I have a 2013 Ranger 800. Im changing rear axles but I cant get bolts out of the A arm and bearing carrier (hub) They spin freely but will not come out.
Any ideas would be appreciated. I have aero croil penetrating oil on them now.
 

 

I have a 2013 Ranger 800. Im changing rear axles but I cant get bolts out of the A arm and bearing carrier (hub) They spin freely but will not come out.
Any ideas would be appreciated. I have aero croil penetrating oil on them now.
I have a 2013 Ranger 800. Im changing rear axles but I cant get bolts out of the A arm and bearing carrier (hub) They spin freely but will not come out.
Any ideas would be appreciated. I have aero croil penetrating oil on them now.
QUOTE]
Thanks, I have the nuts off but bolts will not come out of sleeves in carrier. I'll keep trying.
 

That's exactly what's happening. In my experience you won't get them out. You can't heat them and penetrating oil cannot get in there.

What I do is carefully cut off the head and tail of the offending bolt using an angle grinder with a cut off wheel. You can then bend the a-arm tabs and pry the carrier out. Of course, you'll have to replace the bolt and pivot.
 


What I do is carefully cut off the head and tail of the offending bolt using an angle grinder with a cut off wheel. You can then bend the a-arm tabs and pry the carrier out. Of course, you'll have to replace the bolt and pivot.
Just went threw this as well, had to cut it off with the grinder like BPS said, actually worked pretty good, put never seize on the new ones when I put new stuff back together. Also threw some black paint to cover up where i got to close to the A arm tabs lol Side note, i thought maybe i could press it out with a bearing press and a socket just bigger then the bolt head, ya no dice, it just started bulging out on the tab. Had to use the press to straighten it out again, in case anyones thinking of trying that lol.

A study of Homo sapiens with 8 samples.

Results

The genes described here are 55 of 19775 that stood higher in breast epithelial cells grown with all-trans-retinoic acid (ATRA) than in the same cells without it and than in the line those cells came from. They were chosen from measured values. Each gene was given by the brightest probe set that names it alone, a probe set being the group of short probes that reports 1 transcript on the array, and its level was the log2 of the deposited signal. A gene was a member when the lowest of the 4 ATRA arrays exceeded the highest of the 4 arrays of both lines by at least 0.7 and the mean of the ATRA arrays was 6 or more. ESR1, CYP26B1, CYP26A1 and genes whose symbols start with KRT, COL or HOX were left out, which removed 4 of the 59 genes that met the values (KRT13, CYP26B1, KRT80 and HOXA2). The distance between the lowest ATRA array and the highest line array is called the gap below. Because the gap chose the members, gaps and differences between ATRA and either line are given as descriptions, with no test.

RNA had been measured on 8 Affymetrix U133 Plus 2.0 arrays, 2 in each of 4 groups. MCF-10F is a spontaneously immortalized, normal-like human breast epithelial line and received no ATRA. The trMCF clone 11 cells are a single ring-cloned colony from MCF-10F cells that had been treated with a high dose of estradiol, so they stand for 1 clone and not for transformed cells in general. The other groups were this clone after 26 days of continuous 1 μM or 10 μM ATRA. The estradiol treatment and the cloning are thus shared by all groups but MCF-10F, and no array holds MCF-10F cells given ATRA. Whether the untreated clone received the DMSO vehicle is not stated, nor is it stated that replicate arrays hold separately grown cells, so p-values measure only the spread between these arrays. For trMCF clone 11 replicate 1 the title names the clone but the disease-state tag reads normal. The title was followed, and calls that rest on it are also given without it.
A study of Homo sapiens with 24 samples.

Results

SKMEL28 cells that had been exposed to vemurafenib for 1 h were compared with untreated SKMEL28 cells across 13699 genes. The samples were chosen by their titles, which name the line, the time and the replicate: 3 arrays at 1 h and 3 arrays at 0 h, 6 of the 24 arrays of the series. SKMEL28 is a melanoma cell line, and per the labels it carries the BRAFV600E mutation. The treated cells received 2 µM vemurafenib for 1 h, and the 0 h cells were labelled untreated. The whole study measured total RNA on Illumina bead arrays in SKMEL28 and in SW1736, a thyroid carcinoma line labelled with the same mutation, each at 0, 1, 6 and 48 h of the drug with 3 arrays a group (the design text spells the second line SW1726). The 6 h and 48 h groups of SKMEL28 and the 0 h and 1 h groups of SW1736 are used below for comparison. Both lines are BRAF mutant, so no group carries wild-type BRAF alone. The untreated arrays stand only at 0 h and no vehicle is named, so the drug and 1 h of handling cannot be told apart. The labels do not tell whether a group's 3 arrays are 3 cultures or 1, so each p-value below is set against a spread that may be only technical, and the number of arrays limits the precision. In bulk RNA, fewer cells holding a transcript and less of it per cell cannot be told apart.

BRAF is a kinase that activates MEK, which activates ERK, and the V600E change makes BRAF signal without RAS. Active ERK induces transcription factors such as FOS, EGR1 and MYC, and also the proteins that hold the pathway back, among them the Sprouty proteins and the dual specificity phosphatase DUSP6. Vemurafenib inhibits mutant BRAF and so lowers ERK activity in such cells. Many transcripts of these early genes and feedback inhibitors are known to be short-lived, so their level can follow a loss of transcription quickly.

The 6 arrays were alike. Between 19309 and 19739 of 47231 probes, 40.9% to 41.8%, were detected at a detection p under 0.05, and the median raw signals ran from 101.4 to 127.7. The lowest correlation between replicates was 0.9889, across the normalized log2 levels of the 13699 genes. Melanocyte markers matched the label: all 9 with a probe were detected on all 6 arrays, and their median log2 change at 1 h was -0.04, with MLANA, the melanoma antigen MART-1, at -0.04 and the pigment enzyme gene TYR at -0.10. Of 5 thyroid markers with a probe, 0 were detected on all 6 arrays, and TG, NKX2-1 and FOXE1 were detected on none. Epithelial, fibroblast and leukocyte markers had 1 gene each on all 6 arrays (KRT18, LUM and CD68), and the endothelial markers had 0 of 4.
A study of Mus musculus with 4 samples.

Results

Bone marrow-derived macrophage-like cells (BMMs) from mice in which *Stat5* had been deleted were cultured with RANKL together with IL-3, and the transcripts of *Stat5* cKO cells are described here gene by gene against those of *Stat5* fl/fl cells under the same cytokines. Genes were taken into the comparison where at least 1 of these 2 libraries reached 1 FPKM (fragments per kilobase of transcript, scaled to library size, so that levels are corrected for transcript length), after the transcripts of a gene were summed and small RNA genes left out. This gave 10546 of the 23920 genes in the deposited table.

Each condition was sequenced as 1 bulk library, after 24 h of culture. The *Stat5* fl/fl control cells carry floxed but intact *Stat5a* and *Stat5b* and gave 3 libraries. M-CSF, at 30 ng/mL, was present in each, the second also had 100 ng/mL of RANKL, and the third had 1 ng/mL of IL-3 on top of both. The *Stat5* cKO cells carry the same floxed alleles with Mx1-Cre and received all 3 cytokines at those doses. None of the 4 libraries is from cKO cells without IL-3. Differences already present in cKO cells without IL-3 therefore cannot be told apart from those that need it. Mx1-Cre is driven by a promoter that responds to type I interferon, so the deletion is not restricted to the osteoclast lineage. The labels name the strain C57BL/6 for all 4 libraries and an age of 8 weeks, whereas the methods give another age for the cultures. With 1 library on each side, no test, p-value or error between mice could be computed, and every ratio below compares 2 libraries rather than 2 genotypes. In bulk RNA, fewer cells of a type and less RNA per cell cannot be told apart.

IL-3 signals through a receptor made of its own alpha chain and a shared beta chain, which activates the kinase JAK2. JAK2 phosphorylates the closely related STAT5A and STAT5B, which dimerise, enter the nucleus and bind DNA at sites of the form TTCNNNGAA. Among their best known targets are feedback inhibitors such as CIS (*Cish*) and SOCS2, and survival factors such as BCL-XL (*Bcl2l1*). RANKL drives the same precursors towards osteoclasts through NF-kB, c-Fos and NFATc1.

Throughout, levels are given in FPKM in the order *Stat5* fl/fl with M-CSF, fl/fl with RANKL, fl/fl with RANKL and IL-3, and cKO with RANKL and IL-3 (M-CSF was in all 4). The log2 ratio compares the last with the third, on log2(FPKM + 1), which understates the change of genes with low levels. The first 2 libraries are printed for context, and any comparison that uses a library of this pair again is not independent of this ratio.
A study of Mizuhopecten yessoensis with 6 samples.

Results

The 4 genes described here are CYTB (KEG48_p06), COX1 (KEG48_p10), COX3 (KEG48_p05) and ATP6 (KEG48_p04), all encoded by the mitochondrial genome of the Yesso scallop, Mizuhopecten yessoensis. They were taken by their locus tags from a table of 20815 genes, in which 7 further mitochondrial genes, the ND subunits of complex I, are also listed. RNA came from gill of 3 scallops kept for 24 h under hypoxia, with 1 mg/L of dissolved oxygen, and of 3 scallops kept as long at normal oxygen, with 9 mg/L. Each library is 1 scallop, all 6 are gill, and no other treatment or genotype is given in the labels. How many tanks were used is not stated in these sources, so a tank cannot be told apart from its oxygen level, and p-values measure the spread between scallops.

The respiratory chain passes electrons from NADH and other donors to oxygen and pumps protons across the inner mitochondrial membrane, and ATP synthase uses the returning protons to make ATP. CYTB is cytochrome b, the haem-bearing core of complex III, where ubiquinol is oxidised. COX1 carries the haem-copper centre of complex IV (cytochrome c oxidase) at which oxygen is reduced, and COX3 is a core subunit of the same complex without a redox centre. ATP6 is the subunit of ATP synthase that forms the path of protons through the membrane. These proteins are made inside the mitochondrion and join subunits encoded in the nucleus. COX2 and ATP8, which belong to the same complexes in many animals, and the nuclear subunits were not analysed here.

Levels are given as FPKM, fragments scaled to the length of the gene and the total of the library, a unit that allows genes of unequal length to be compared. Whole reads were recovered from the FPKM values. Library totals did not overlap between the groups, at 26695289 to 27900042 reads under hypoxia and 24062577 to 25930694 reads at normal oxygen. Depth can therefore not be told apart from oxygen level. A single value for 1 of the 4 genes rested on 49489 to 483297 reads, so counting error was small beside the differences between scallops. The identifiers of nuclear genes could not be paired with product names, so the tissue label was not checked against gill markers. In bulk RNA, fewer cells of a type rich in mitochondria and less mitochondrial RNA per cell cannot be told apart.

The outer carrier bolts were a whole other story. They had all seized in the tubes, and the lower tubes were also seized into the rear aluminum carrier housings... Major PIA! The cuss words on this part can't be edited or there'd be nothing left to say! Several hours on each of the four, heating, spraying and liberal application of a 20 ton press after turning a press pin on the lathe to make it "easier". After the first two; I wished it was a 4x4! They were a worthy foe, but relented in the end... I didn't think to take pics, but seems to be enough others that have the same issue. Am glad I went through it; will never have to do it again, except maybe a few simple bushing changes along the way.
 
The outer carrier bolts were a whole other story. They had all seized in the tubes, and the lower tubes were also seized into the rear aluminum carrier housings... Major PIA! The cuss words on this part can't be edited or there'd be nothing left to say! Several hours on each of the four, heating, spraying and liberal application of a 20 ton press after turning a press pin on the lathe to make it "easier". After the first two; I wished it was a 4x4! They were a worthy foe, but relented in the end... I didn't think to take pics, but seems to be enough others that have the same issue. Am glad I went through it; will never have to do it again, except maybe a few simple bushing changes along the way.
Been there....Done that... and 2 cents worth of NEVERSEZE from POCO and it would never have happened..
 

I find my self saying that about a lot of mfg's when I'm cursing their eyes!